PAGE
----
Spinning Doesn't Dizzy Ballerinas Due To Brain Conditioning
September 27, 2013

Spinning Doesn’t Dizzy Ballerinas Due To Brain Conditioning

Brett Smith for redOrbit.com - Your Universe Online

Spinning around in circles causes dizziness in most people, which could be a problem for figure skaters or ballerinas who must perform several spins during a typical routine.

However, new research in the journal Cerebral Cortex indicates that ballerinas may have conditioned their brain to better handle a series of quick spins. Study researchers said their findings could be used to improve treatments for patients with chronic dizziness.

The dizziness sensation is caused by the fluid-filled vestibular organs located in the inner ear. Through the use of tiny hairs, these organs sense the body’s movement and provide a sense of balance. After turning around rapidly then stopping, the fluid in these organs continues to slosh around causing the sensation of movement.

While some ballet dancers use a technique called spotting, which involves fixing their gaze on the same spot while spinning, to reduce dizziness – the new study showed that these dancers have conditioned their brains’ to reduce sensory input from the vestibular organs.

In the study, researchers enlisted a group of 29 female ballet dancers and a group of 20 female rowers with matching levels of fitness and age.

The participants were rapidly spun around in a dark room and then quickly stopped. They were then asked to turn a handle in sync with how they felt they were still spinning. The researchers also recorded participants’ eye reflexes as affected by sensory input from the vestibular organs. Finally, the participants' brain structures were imaged using an MRI machine.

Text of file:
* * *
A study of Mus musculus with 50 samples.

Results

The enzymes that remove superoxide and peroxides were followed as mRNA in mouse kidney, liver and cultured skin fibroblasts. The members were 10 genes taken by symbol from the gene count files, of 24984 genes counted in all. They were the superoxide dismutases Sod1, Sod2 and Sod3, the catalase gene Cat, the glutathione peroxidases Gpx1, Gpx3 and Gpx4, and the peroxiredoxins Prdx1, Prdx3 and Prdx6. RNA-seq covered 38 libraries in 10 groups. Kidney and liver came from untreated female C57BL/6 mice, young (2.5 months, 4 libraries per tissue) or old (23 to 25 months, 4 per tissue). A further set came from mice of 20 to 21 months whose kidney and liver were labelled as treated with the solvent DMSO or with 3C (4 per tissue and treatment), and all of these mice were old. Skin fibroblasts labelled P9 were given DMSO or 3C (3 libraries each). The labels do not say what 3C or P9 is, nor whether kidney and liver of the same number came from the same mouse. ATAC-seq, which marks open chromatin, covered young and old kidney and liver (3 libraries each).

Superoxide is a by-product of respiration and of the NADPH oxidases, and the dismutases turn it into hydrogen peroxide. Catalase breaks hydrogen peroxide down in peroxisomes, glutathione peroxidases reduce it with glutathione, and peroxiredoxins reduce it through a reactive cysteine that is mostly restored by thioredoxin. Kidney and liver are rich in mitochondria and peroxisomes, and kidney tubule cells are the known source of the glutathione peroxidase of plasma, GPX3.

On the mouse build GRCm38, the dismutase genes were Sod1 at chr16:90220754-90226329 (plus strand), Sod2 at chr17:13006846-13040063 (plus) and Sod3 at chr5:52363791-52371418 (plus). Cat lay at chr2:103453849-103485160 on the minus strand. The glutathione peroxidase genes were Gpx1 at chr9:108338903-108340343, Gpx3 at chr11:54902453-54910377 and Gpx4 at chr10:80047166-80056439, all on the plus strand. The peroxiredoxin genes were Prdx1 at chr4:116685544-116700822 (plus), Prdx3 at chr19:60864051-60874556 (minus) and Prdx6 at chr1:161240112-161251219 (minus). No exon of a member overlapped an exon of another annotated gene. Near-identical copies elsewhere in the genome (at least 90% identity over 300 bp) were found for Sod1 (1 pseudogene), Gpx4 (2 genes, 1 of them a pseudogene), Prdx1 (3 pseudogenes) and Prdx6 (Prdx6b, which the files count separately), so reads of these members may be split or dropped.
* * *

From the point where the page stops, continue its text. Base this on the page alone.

Based on these observations, the ballet dancers showed that they experienced a spinning sensation for much less time than the rowers.

"Dizziness, which is the feeling that we are moving when in fact we are still, is a common problem,” said Dr Barry Seemungal, from the Department of Medicine at Imperial College London. “I see a lot of patients who have suffered from dizziness for a long time. Ballet dancers seem to be able to train themselves not to get dizzy, so we wondered whether we could use the same principles to help our patients."

The brain images showed differences between the two groups in an area where sensory input from the vestibular organs is processed. This area in the cerebellum was smaller in dancers than it was in the rowers.

"It's not useful for a ballet dancer to feel dizzy or off balance,” explained Seemungal. “Their brains adapt over years of training to suppress that input. Consequently, the signal going to the brain areas responsible for perception of dizziness in the cerebral cortex is reduced, making dancers resistant to feeling dizzy.”

“If we can target that same brain area or monitor it in patients with chronic dizziness, we can begin to understand how to treat them better,” he added.

The researchers also found the perception of spinning closely matched the eye reflexes triggered by vestibular signals in the rowing group, but the two were uncoupled for the dancers.

"This shows that the sensation of spinning is separate from the reflexes that make your eyes move back and forth," Seemungal said. "In many clinics, it's common to only measure the reflexes, meaning that when these tests come back normal the patient is told that there is nothing wrong. But that's only half the story. You need to look at tests that assess both reflex and sensation."